Clear Cube Insight

Center of Excellence
edited April 2023 in Best Practices

1.   Abstract

Clearing data in a Board application that has a large dataset, and high concurrency, needs to be done with care to avoid an unintended consequence. The approach you use to clear data has an impact on data retention and can impact performance. The purpose of this article is to review the options available for you.

2.   Context

These best practices are always applicable.

3.   Content

You can effortlessly clear a Cube in Board with a procedure called Clear Cube.

It’s suggested you always use the “Clear Cube” step with the "use current selection" option active. This applies the clearing action to the selection being used in your current procedure. Without this option enabled, the entire contents of a Cube is cleared, regardless of selections.

Be aware that this approach to clear a portion of a Cube doesn’t erase tuples* in the selection, but sets the related key figures to 0. This means that:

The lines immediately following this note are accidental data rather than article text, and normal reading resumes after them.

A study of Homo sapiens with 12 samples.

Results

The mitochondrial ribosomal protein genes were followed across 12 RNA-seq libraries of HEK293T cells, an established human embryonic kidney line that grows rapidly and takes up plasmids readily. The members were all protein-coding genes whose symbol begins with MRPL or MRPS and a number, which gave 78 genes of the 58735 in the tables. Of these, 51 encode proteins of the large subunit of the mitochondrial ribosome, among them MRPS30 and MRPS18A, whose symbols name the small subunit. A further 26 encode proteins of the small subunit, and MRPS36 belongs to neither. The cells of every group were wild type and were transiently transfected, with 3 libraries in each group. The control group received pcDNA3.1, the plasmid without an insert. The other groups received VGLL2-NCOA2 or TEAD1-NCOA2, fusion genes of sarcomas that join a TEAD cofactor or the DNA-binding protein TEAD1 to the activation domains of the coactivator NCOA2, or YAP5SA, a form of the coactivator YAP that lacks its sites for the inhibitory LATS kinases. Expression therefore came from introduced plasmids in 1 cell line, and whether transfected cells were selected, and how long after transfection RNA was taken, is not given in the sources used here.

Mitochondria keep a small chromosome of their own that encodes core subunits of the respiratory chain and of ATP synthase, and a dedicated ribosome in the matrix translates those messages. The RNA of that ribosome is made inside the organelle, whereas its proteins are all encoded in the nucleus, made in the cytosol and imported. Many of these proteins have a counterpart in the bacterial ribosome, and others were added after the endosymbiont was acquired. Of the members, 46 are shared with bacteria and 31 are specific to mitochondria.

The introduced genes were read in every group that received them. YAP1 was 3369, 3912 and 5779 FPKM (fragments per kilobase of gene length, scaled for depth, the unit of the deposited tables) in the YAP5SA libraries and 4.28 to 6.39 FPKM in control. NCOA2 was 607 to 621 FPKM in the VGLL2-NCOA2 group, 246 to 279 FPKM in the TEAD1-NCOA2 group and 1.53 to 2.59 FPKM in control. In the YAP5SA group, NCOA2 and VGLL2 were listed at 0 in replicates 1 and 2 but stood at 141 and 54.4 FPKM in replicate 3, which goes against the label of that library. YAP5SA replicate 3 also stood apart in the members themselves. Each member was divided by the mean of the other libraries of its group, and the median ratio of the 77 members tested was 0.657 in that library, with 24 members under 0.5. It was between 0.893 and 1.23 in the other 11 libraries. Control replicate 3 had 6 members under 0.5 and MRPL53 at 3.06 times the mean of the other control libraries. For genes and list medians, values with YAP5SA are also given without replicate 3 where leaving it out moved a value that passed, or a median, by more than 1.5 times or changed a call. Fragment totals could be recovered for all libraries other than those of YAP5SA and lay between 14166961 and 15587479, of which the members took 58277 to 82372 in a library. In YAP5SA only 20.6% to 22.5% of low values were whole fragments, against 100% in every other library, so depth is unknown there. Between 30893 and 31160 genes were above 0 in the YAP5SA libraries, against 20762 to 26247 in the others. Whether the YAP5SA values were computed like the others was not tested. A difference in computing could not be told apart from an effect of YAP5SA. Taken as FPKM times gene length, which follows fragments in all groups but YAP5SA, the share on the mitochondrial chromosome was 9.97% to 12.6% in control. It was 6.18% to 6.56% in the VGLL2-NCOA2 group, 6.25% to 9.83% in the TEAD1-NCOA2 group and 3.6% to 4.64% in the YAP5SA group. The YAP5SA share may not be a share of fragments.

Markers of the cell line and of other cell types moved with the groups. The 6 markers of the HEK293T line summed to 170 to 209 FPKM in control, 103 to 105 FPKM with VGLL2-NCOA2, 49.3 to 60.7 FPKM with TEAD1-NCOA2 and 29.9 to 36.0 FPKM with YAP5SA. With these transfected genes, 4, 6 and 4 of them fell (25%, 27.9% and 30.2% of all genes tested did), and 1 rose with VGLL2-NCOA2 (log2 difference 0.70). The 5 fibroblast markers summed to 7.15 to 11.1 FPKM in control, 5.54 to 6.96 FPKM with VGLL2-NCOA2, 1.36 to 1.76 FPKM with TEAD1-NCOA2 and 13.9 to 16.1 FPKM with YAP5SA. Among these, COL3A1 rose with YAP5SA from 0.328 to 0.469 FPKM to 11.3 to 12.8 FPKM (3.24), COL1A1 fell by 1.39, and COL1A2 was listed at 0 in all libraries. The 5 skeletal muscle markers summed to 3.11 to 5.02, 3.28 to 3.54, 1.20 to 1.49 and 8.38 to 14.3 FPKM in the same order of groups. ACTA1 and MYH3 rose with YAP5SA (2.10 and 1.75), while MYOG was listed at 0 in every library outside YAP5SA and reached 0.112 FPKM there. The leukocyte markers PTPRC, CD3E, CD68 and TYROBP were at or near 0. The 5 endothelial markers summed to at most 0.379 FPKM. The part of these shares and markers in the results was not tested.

• The sparsity structure keeps those tuples as a valid sparse combination
  • The Cube size is not reduced by the clearing action

It’s best practice to use the Current Selection option when performing the “Clear Cube” step because you are deleting content files from the Cube. Without using the Current Selection option, problems can arise if there is a high concurrency environment associated with these files. This action should be reserved as an admin task to be executed during periodic maintenance windows.

In situations with very large Cubes, where a large portion is cleared, we suggest running an extract Cube, clear Cube process—without the Current Selection option, and then reload the source content. This way, during the reloading process, all records with the value 0 will be discarded.

When your processes involve clearing large portions or frequently clearing portions of Cubes, using a Cube extract-clear-reload will help to optimize Cubes size and sparsity.


*A tuple is a sequence of any objects in parentheses, separated by commas. A Tuple can’t be changed, as it’s used to include fixed collections of items, for example:  (2.7, 3.8, 5) — this tuple contains three numeric objects.